PUBLISHED: 06:00 17 September 2018 | UPDATED: 11:45 17 September 2018

Zoe Jervis with her son Issac standing where he found the needle in Chapelfield Gardens. Photo: Luke Powell

Zoe Jervis with her son Issac standing where he found the needle in Chapelfield Gardens. Photo: Luke Powell


The Campaign for Nuclear Disarmament symbol is coming to Norwich in Chapelfield Gardens next month. Picture: ANTONY KELLYThe Campaign for Nuclear Disarmament symbol is coming to Norwich in Chapelfield Gardens next month. Picture: ANTONY KELLY

Nurse Zoe Jervis, 33, said 
her son, Issac, came running 
over holding the needle after finding it in a bush at Chapelfield Gardens.

She said a liquid was trickling out of it and she immediately told him to drop it.

Mrs Jervis, from Attleborough, said: “My immediate reaction was fear because I thought had he had sustained a needle stick from it.

“It was horrifying to see because I work as a nurse and I know the types of disease some drug users can have.

“A child’s life would be changed in an instant if they were exposed to hepatitis B or HIV.”

Mrs Jervis said Issac had needed the toilet while walking through the park on August 30.

The main public toilets were locked, so she allowed her son to go in a nearby bush.

“He was gone for a couple of minutes which I thought was a bit odd,” she said.

“But as he came running out of the bush he was holding a syringe attached to a blue hypodermic needle.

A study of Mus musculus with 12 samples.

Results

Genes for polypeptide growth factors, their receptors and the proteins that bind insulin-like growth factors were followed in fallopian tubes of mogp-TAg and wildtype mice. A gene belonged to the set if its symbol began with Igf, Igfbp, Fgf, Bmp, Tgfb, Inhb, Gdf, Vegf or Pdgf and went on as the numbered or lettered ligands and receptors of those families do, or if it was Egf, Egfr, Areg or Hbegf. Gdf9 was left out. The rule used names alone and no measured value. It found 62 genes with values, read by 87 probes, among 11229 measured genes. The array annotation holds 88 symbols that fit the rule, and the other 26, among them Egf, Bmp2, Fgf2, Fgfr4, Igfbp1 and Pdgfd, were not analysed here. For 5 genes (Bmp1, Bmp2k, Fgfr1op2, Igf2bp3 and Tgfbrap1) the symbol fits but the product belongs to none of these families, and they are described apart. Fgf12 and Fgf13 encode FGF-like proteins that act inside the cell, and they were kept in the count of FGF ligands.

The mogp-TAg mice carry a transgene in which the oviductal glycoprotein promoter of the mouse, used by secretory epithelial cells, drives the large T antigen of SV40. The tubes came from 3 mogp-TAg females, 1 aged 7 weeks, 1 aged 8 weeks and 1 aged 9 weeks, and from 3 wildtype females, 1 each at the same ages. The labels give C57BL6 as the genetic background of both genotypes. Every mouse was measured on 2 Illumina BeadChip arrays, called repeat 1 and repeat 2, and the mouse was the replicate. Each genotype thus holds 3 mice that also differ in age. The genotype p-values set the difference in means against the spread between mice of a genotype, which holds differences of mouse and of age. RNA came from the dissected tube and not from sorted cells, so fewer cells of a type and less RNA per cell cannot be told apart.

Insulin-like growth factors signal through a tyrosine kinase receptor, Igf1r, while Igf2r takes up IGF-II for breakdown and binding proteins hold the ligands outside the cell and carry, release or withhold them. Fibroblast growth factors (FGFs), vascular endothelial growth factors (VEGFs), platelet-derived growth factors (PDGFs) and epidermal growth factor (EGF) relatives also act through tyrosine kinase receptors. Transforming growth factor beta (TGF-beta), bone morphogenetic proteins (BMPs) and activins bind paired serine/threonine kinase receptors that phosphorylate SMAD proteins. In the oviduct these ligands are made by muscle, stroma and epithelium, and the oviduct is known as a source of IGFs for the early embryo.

“He said ‘look what I found’ 
and was holding it upside down and there was liquid running 
out of it.”

Mrs Jervis said she called her son’s doctor and was told to go to A&E as the needle could have been used by a drug user.

In the meantime, Issac was taken to a cafe in the park to wash his hands thoroughly.

He was later seen by a doctor, but was told no tests were needed due to there being no scratch or puncture wounds.

Mrs Jervis said she wanted to highlight the issue in order to warn other parents using the popular city centre park.

She said: “I have never said to Issac ‘if you see a needle in the park don’t touch it’, but perhaps I should have done.

“It is something that needs to be told to children.”

She said signs could be put up in the park advising parents to keep their children in the open areas.

A spokesperson for Norwich City Council said drug use was a criminal matter and that any complaints would be passed to the police.

“We would work with them to address any known issues,” the spokesman said.

The city council said its officers carry out daily checks of the park for routine maintenance and to empty bins.